K0m4

Don't drive the bike halfway home across the European continent with a half-rusted chain, and DEFINITELY not all the way back again. You'll learn that the chain that rusted while parked at the marina in fact was beyond salvation, no matter how much chain lube you drench it with.

(I'm a damn lucky SOB that chain didn't snap on the German Autobahns..)
Originally Posted by tgeliot View Post
What application are you thinking of? If it's somewhere where appearance matters and strength doesn't, then I agree, particle board or melamine or even high quality plywood would be better than OSB. But if you care about strength or resistance to occasional moisture, particle board is a poor choice.
I'm making cabinets for the garage and laundry room. I'm not concerned about the particle board since we've had a PB cabinet in the laundry room for 10 years and its still fine.

I already took the rest of the OSB back and replaced it with particle board for the other set of cabinets and the lockers I will be building. 4 coats on the inside and bottoms of the OSB carcasses and they still look crappy. Luckily I'm doing pine face and pine shaker doors that will paint and look nice.
Originally Posted by Alton View Post
I'm making cabinets for the garage and laundry room. I'm not concerned about the particle board since we've had a PB cabinet in the laundry room for 10 years and its still fine.

I already took the rest of the OSB back and replaced it with particle board for the other set of cabinets and the lockers I will be building. 4 coats on the inside and bottoms of the OSB carcasses and they still look crappy. Luckily I'm doing pine face and pine shaker doors that will paint and look nice.
I would agree that OSB would be a poor choice for cabinets.

But for walls in a garage, I would prefer it to particle board. I'd be afraid that if I put screws into particle board walls to hang stuff, the particle board would eventually crumble there and the screws come loose.

But then of course there's always 7-ply baltic birch plywood . . .



Once the caliper has been cleaned and lubed, and the pads have been replaced, and the whole system reassembled and tested at very low speed, the pads will have to be bedded in. Until this happens, they might be considered anti-stop brakes

But that was Sunday. Today I learned that PB Blaster can help free up bolts, but it can also somewhat re-liquefy asphalt.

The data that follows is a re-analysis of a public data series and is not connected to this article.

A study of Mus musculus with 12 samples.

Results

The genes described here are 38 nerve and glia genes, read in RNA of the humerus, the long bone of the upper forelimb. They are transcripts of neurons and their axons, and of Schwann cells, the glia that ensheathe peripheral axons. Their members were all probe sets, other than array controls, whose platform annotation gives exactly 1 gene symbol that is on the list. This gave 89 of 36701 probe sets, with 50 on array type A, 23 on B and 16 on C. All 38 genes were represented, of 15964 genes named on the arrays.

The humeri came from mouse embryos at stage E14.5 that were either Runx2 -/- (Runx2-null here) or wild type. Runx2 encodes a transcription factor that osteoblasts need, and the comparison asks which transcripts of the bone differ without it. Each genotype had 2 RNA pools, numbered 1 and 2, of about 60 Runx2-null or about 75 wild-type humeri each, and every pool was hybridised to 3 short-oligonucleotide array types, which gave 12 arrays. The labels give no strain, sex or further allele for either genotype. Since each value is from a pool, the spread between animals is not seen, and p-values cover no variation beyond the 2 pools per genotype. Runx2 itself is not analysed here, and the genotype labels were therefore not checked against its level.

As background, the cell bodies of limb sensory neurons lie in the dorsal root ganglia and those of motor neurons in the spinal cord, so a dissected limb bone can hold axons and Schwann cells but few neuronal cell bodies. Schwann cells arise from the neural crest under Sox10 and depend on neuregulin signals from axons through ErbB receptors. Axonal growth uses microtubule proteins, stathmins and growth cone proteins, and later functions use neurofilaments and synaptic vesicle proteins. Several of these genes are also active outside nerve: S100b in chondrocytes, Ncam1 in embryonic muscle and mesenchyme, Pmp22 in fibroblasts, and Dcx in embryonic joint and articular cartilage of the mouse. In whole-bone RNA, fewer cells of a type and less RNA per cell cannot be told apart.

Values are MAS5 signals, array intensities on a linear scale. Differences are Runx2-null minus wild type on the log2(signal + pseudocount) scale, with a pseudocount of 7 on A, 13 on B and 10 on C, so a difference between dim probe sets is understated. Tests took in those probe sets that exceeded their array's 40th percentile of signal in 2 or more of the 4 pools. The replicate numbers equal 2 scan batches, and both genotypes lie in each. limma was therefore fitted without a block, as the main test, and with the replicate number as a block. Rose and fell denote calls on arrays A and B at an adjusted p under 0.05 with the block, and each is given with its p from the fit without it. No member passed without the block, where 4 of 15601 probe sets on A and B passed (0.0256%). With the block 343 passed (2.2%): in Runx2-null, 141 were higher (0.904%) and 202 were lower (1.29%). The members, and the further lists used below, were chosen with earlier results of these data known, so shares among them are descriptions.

And I need to get some more waterless, towel-less hand cleaner.
K0m4
Originally Posted by ParrotheadJeff View Post
A brake bleeder like this is great, but you really want to make sure the internal rubber seal is seated properly on the bleeder nipple

And I need to get some more waterless, towel-less hand cleaner.
Yeah, and you definitely want to make sure that you don't hook the container on one of these up backwards, so that the suction handle happens to be connected to the hose going down to the bottom of the container:



You got any hand cleaner to spare? You can use that in your face too, right?

Before mindlessly topping up your car's windshield washer fluid from the only jug in the garage that wasn't filled with a blue liquid, pause to consider that your thrifty father-in-law may have filled an empty & unlabeled windshield washer fluid jug with kerosene to use on some project or another.


It takes a surprising long time to try to float all of that kerosene out of the windshield washer fluid reservoir with a garden hose. It makes a mess on the driveway, too.


Pugsley/Hobbfather

You invented a new old idea, and washed it out all over the driveway...
Wadester
Tom S
Originally Posted by Wadester View Post
Always count the links in your old chain and cut the new one down to size BEFORE pressing the side plate onto the master link. This will save you from haywiring something up to pry said side plate back off the pins so you CAN take off those 2 extra links.
Worse yet is cutting the chain too short.
troidus
Originally Posted by pmacb View Post
Before mindlessly topping up your car's windshield washer fluid from the only jug in the garage that wasn't filled with a blue liquid, pause to consider that your thrifty father-in-law may have filled an empty & unlabeled windshield washer fluid jug with kerosene to use on some project or another.
Better that than Ruglyde. I've almost done that a couple of times.

Quote:
It takes a surprising long time to try to float all of that kerosene out of the windshield washer fluid reservoir with a garden hose. It makes a mess on the driveway, too.
I might have added some Dawn.
That's a great idea. The only problem was I was a little too to think clearly...


troidus
I can't imagine.
clintnz
Originally Posted by Wadester View Post
Always count the links in your old chain and cut the new one down to size BEFORE pressing the side plate onto the master link. This will save you from haywiring something up to pry said side plate back off the pins so you CAN take off those 2 extra links.
I usually lay the old & new chains alongside each other on the bench, saves counting.

Of course this doesn't quite work if you have decided to run some different gearing for a change & the chain needs to be a different length

Shoganai

When applying clear protective film on the fuel tank, remember you'll need to fill it at some point so cut out the part where the fuel goes in before attempting to add fuel at the gas station.





Putting the heat shrink tube on the wire before soldering the final splice saves from having to solder twice.